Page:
Schools in built up areas are identified easily by the safety railings immediately outside the school gates. It's fairly common knowledge that these are placed there to ensure that when children leave the safety of the school perimeter fence they do not walk straight out into oncoming traffic.
There are some similarities to be drawn in the ways that schools ensure children's online safety while in the school environment. Schools maintain a zone of internet safety by denying children access to blocked sites, eg. Facebook, adult content and by applying filters that actively find and block content that features certain keywords.
Simply having a perimeter fence around the school and safety railings are not effective tools in themselves for educating children about road safety, they are merely preventative measures. These measures on their own are not enough, it is highly important that children learn about the risks and hazards so that when they are outside the zone of safety provided by these physical guards, they can use roads safely.
The potential distraction is that as we put more barriers and safeguards in place around the provision of internet in schools, we overlook the unfettered access that our children have to content outside this environment. We perhaps fall into the trap of believing that our children access the internet in a zone of safety, but this is an illusion. A balance needs to be struck between putting physical limits in place and educating the children so that when those limits are not in place they don't go on an unfiltered binge.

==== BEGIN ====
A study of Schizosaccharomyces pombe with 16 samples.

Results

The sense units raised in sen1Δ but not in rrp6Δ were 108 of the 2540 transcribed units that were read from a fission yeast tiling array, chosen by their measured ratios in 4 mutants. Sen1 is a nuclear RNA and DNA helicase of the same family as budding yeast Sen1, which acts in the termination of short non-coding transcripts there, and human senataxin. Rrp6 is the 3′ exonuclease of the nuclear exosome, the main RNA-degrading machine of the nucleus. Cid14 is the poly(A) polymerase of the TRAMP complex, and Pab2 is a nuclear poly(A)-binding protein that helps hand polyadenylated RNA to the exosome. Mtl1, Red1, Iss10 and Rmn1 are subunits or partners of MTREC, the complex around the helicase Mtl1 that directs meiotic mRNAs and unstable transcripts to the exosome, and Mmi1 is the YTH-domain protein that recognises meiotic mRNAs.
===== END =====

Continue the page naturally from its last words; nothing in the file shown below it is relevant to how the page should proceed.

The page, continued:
Parents can easily forget that the smartphones children carry around in their pockets have unfiltered access to the internet 24-7. Trying to put any effective limits or filters in place on the child's own smartphone can present a real challenge. There is also the potential danger that a parent will believe that the measures and safeguards in place are 100 per cent effective, resulting in a misplaced trust in the technology.
Children are unlikely to understand why the safety railings are in place outside the school gates without any explanation. In as much as the safety railings don't actually teach children about the hazards of crossing busy roads, internet filters and blocks do not alone teach them how to browse safely on the internet.
I would advocate that we should instead listen to our children's own perceptions and concepts of e-safety and after listening seek to shape their impressions in the direction of clearer understanding of safety and where the risks lie. When we tell our children not to use a particular site, app or social networking tool – how do we know that they will abide? Some parents insist on being accepted by their own children as friends on Facebook on the expectation that their child would never post anything that they would not approve of.
As our children rush to share their real world lives online through the growing plethora of social media apps, it is important that teachers and parents don't place too much value on purely physical barriers to protect the safety of our children online.
We may not remember how our parents first carried us across the road, then held our hand and later as our parents' trust deepened they allowed us to cross on our own. It is far wiser to place greater emphasis on educating our children about e-safety, than legislating for it.